December 10 Energy News

Headline News:

  • Devastating wildfires fueled by climate change are “the new normal,” California Governor Jerry Brown said. He continued, “We’re facing a new reality in this state,” and said they could happen “every year or every few years.” He made the comments after surveying damage from a 180-square mile fire in Ventura County, north of Los Angeles. [BBC News]
Thomas fire in Ventura County (Photo: AFP | Getty Images)

Thomas fire in Ventura County (Photo: AFP | Getty Images)

  • Energy Secretary Rick Perry proposed subsidizing coal-fired and nuclear power plants to compensate them for the reliable energy they provide to the nation’s grid. The Federal Energy Regulatory Commission, which Perry directed to study the issue, is scheduled to deliver a decision on the proposed rule on Monday, but asked for more time. [Financial Tribune]
  • The worst-case predictions regarding the effects of global warming are the most likely to be true, a new study published in Nature has warned. It said that if emissions follow a commonly used business-as-usual scenario, there is a 93% per cent chance that global warming will exceed 4°C by the end of this century. [Atlanta Journal Constitution]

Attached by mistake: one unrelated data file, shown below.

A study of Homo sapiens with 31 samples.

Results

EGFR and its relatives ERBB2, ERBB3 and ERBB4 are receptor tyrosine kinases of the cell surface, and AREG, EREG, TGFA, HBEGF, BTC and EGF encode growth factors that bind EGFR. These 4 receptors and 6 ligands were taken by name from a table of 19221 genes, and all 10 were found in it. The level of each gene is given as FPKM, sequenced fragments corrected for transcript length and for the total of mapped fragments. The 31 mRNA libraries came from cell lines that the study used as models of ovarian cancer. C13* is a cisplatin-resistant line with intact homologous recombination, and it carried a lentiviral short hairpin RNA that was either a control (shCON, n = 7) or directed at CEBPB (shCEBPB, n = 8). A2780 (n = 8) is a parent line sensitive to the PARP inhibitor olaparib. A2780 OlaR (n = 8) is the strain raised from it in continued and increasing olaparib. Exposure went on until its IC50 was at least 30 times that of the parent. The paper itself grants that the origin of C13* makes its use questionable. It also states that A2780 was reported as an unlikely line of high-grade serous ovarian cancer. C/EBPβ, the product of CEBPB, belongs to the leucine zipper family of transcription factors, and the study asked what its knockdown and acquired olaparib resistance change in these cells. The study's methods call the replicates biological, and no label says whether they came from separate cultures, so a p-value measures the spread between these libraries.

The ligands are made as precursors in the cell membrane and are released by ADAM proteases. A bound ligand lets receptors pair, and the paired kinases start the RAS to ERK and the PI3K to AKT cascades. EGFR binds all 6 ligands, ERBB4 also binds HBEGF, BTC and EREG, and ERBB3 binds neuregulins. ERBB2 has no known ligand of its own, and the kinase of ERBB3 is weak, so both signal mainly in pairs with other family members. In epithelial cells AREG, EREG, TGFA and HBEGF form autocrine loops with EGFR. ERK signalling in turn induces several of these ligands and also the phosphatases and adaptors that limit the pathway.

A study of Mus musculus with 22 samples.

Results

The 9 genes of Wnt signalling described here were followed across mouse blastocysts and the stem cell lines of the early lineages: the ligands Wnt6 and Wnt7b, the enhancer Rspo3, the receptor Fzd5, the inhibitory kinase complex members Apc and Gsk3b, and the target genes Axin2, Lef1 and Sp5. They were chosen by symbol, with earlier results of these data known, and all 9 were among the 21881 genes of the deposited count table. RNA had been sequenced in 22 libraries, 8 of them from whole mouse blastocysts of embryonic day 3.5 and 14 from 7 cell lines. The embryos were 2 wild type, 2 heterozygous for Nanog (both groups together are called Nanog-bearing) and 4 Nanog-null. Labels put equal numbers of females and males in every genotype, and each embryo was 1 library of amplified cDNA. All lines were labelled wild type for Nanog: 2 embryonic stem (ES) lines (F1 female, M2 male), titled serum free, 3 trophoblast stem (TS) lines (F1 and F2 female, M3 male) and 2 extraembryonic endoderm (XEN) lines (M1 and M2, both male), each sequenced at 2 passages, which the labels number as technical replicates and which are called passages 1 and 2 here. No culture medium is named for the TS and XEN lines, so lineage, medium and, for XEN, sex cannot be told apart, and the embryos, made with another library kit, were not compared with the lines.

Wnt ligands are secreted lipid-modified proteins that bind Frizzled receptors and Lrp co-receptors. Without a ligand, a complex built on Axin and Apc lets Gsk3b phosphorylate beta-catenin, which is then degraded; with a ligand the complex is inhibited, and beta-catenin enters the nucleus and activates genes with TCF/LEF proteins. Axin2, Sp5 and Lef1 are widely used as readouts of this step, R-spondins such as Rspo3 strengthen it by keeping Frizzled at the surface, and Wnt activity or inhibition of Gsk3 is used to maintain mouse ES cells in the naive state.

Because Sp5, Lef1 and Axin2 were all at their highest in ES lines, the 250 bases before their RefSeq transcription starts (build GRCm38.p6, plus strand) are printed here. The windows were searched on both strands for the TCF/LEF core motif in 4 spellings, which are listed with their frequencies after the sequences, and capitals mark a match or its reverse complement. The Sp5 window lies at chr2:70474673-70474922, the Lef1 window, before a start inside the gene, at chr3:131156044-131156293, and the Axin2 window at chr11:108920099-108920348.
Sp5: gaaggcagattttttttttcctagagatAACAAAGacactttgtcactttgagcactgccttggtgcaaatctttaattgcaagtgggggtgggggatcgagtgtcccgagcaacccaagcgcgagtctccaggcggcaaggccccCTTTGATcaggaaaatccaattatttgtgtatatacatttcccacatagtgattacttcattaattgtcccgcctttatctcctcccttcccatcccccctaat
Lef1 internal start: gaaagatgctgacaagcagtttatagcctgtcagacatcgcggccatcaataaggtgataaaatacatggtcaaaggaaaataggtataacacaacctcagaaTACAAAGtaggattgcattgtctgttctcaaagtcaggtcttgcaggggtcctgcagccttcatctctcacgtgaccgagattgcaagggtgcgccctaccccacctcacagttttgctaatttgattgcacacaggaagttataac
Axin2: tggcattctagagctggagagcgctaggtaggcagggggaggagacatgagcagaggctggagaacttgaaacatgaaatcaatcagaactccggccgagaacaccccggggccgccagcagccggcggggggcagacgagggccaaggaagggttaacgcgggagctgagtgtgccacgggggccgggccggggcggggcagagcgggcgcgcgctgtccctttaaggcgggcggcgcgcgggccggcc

• The renewable energy sectors of Ivory Coast and Morocco have received boosts to further develop their planned projects. The African Development Bank approved $324 million in loans to support renewable energy projects in these two countries, which are expected to increase power supplies significantly and keep economic growth on track. [ESI Africa]
  • “India faces painful move to cleaner energy” • Hundreds of millions of people in India are forced to live with the fallout of the dirtiest fuels. It is not just air pollution that is killing people and animals. Coal waste is getting into fields and causing underground fires. The government blames a lack of funds to pay for greener power. [The Straits Times]

For more news, please visit geoharvey – Daily News about Energy and Climate Change.